In line 14 of Shakespeare's "Sonnet 18," "this" refers to the poem itself. The poet asserts that as long as people read this sonnet, the beauty of the subject will live on, immortalized through the verse.


The word "this" in line 14 of Shakespeare's Sonnet 18 refers to the poem itself.  Sonnet 18 is one of several sonnets in which the speaker proclaims that his love for his friend and his friend's beauty shall be eternalized in the speaker's verse.  In Sonnet 17, the speaker asserts that future generations may not believe him when he describes his friend's beauty, so he urges his friend to have a child so that his beauty "should live twice, in it [the child] and in my [the speaker's] rime" (14).  We see another example in Sonnet 19 in which the speaker is addressing Time, imploring it not to take his friend's youth and beauty; however, knowing that to be impossible, the speaker concludes with this statement: "Yet do thy worst, old Time: despite thy wrong / My love shall in my verse ever live young" (13-14).  Finally, we see in Sonnet 65 this same theme repeated again.

Since brass, nor stone, nor earth, nor boundless sea,

But sad mortality o'ersways their power,

How with this rage shall beauty hold a plea,

Whose action is no stronger than a flower?

O, how shall summer's honey breath hold out

Against the wrackful siege of battering days,

When rocks impregnable are not so stout,

Nor gates of steel so strong, but Time decays?

O fearful meditation! where alack,

Shall Time's best jewel from Time's chest lie hid?

Or what strong hand can hold his swift foot back?

Or who his spoil of beauty can forbid?

O, none, unless this miracle have might,

That in black ink my love may still shine bright.

In all of these examples, the speaker is essentially stating that he can immortalize his friend in verse, and he is right as we are still reading these sonnets 396 years after Shakespeare's death.


The final couplet of Shakespeare's Sonnet 18 reads:

So long as men can breathe or eyes can see,
So long lives this, and this gives life to thee.

The word "this" repeated in the last line might refer to the sonnet or to the entire sequence of sonnets, many of which address the same person. In either case, the idea is clearly that Shakespeare's verse will endure forever and preserve the memory of his beloved for future generations. If we take the word "this" to refer only to the sonnet in which it appears, however, it will not preserve much about the addressee except the fact that they were Shakespeare's beloved, since no concrete details are given.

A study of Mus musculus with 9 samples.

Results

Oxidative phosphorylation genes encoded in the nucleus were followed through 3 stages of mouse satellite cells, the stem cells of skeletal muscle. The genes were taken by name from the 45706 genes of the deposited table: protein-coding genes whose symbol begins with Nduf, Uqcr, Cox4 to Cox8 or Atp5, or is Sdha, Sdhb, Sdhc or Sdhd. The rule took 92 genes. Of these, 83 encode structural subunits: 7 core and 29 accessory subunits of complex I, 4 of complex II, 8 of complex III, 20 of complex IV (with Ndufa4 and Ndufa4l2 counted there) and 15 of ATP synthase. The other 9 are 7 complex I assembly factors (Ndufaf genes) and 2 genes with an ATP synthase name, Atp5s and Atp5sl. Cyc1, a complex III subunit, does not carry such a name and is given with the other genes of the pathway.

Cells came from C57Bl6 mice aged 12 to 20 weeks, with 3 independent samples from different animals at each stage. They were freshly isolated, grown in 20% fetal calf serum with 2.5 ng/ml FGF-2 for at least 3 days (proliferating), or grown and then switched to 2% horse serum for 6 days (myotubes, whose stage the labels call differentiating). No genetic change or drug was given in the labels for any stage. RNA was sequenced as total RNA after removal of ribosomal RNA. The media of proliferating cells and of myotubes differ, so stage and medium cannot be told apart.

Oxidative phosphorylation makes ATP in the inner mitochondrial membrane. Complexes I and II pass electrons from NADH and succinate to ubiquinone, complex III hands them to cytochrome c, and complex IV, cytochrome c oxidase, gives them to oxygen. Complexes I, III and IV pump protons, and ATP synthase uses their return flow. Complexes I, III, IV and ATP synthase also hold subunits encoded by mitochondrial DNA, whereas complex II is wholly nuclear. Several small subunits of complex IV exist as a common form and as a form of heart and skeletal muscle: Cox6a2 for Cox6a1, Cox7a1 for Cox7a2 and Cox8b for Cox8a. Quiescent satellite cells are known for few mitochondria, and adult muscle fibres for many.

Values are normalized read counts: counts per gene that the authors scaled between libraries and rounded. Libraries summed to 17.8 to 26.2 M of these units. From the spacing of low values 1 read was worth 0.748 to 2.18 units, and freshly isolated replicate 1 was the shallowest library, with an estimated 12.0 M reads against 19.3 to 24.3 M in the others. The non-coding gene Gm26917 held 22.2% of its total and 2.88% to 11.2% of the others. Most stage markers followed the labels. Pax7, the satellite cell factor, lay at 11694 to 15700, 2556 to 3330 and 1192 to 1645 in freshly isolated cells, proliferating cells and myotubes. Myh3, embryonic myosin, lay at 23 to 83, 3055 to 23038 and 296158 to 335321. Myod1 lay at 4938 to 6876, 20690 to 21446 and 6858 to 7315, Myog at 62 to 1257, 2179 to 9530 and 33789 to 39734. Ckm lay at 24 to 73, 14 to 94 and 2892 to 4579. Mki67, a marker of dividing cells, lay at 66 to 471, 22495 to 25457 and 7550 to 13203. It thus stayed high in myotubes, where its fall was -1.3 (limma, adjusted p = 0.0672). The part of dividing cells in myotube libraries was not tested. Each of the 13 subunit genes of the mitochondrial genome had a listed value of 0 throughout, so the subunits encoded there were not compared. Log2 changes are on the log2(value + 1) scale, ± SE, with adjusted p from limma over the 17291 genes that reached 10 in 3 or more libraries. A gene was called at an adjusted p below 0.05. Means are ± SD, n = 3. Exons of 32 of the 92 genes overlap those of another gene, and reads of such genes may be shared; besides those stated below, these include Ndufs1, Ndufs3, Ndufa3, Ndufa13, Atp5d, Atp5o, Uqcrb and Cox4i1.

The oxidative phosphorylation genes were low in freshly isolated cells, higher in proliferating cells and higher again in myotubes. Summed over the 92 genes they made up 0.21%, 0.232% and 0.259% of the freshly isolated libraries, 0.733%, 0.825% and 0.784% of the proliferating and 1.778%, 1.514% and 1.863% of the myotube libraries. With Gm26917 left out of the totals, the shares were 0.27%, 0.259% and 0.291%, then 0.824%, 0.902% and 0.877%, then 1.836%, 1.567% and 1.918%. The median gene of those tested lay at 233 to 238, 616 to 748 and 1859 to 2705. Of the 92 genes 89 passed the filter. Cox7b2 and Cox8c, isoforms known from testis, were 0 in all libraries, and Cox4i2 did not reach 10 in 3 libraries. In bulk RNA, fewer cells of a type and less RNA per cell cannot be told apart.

This claim to immortality is a very common trope in Shakespeare's poetry and in Elizabethan verse in general. It is also a feature of the Augustan period in Rome, particularly marked in the Odes of Horace. Perhaps part of the reason for its popularity is that this is a game the poet cannot lose. If the poem is no longer read, his boast dies with him, if it survives, he is proved right.

Another reason for the popularity of this claim in love poetry is that it shows what the poet can do for the beloved, who will last longer than a summer's day, but still only endure for a matter of decades without any help. The genius of the poet is needed to preserve the beauty of the addressee eternally.


Shakespeare wrote a number of sonnets in which he affirmed that the person being addressed would be immortalized in the fourteen lines of poetry because his poetry was immortal. Sonnet 18 is an example. The closing couplet reads:

So long as men can breathe or eyes can see,
So long lives this, and this gives life to thee.

The word "this" in both cases refers to the sonnet itself. Shakespeare is saying that this sonnet will live as long as humanity continues to exist. This may seem like rather an arrogant statement, but the sonnet has "lived" for some four centuries and seems likely to live for another four centuries. Meanwhile the person addressed in this sonnet continues to live in spirit within the words. We do not know who that person was, but we can sense that person's presence inspiring the poet and thereby shaping the sonnet.

In the very next sonnet, Sonnet 19, the closing couplet contains the same idea, or poetic conceit.

Yet do thy worst, old Time, despite thy wrong,
My love shall in my verse ever live young.

These sonnets were presented like individual gifts, and the recipient must have felt pleased that the poet was offering him (or her) a gift of long life or even immortality. No doubt the recipient would preserve the sonnet because it seemed to have a sort of talismanic power to protect him (or her) against the ravages of time or even death. 

Sonnet 55 has a similar poetic conceit. The opening lines are:

Not marble, nor the gilded monuments
Of princes, shall outlive this powerful rhyme;
But you shall shine more bright in these contents
Than unswept stone, besmear'd with sluttish time.

Shakespeare had a deservedly high opinion of his poetic gifts. He knew he was honoring the recipients of his sonnets, even if they did not value them as much as they deserved.